Most client-side marketers believe cross-channel marketing has multiple benefits for their businesses, a new study has found.
According to research by Econsultancy, produced in association with IBM Marketing Cloud, 77 per cent feel this approach has had a major impact on increasing conversions.
Figures also showed that 75 per cent use sales and revenue figures to measure effectiveness indicating that their goals are in line with the business.
Econsultancy said this means marketers are using cross-channel marketing to increase conversions, which “in turn boosts top-line performance”.
“One example of using cross-channel marketing to improve conversions is by retargeting website visitors with relevant advertising,” the organisation said.
“A consumer may see a product initially on the website but it takes a reminder via display advertising to turn the browser into a customer.”
The study also revealed that cross-channel marketing can help marketers gauge business objectives that are trickier to measure than revenue.
For instance, 57 per cent said cross-channel marketing has had a big effect on enhancing advocacy.
Econsultancy acknowledged that directly associating advocacy to business growth can be difficult.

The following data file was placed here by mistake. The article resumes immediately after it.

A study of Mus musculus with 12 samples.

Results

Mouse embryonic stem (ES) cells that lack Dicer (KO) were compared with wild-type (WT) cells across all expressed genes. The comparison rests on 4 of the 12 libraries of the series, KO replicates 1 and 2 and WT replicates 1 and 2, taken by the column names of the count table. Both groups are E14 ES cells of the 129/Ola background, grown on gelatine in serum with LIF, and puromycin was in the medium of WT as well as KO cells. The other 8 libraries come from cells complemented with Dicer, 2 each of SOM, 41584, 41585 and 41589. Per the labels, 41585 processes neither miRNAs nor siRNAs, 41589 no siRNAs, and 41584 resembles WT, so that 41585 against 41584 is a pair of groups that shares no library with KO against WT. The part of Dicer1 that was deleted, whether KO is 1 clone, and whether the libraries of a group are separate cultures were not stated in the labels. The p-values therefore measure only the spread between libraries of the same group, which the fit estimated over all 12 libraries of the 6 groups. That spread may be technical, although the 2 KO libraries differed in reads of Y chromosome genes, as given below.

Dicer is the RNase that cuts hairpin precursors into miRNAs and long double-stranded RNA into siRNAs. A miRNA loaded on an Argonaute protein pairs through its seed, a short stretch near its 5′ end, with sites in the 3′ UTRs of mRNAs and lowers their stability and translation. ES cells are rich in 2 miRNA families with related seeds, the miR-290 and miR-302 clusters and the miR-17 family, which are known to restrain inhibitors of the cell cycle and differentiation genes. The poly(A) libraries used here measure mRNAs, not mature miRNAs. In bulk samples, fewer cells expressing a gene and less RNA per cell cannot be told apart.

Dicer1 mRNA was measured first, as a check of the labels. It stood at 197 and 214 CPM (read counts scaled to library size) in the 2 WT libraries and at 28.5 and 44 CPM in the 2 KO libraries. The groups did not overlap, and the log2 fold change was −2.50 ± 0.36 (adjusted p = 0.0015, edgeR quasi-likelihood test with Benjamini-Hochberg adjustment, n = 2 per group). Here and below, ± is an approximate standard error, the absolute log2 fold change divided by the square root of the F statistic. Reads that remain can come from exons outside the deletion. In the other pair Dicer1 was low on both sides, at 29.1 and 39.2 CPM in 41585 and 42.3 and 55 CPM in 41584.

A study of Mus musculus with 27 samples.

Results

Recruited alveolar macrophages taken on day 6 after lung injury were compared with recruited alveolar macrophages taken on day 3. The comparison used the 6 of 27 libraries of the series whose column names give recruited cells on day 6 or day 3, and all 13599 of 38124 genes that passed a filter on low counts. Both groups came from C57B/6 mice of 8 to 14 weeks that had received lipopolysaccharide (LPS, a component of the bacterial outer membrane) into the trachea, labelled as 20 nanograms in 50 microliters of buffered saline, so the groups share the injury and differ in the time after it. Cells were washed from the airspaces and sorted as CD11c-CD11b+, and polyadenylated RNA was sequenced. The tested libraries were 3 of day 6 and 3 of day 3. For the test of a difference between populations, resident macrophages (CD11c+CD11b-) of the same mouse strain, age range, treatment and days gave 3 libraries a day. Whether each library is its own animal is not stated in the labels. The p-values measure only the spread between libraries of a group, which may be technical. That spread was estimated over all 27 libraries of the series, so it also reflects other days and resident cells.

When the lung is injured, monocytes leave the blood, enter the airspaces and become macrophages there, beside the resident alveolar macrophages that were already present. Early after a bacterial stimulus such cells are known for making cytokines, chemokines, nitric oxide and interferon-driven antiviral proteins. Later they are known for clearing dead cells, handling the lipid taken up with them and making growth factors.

Nevertheless, it stressed that industry thought leaders “feel that advocacy may be equally, if not more, important to the business than conversions”.
“Using cross-channel marketing to enhance advocacy may be as simple as including social media icons on a website or emails or be as sophisticated as asking happy customers to leave a review on a third-party, industry-specific site,” Econsultancy said.
Another interesting finding of the study was that 54 per cent of marketers feel cross-channel marketing can make a big contribution to customer retention rates.
Econsultancy described this as “encouraging”, before noting that abandoned cart emails are the most common way brands use different channels to improve retention.
“Many marketers also use custom audiences on Google and Facebook to advertise to their existing customer base through search and social advertising,” it said.
Econsultancy went on to stress that while cross-channel marketing is not easy, those who do it well will enjoy good results, in the form of better conversion rates, advocacy and customer retention.
“They will also be head and shoulders above their peers, which is always a worthwhile, if difficult-to-measure, goal,” it added.
However, just six per cent of marketers said they felt they could effectively deliver cross-channel marketing to any great extent, which suggests many brands could be missing opportunities to drive growth.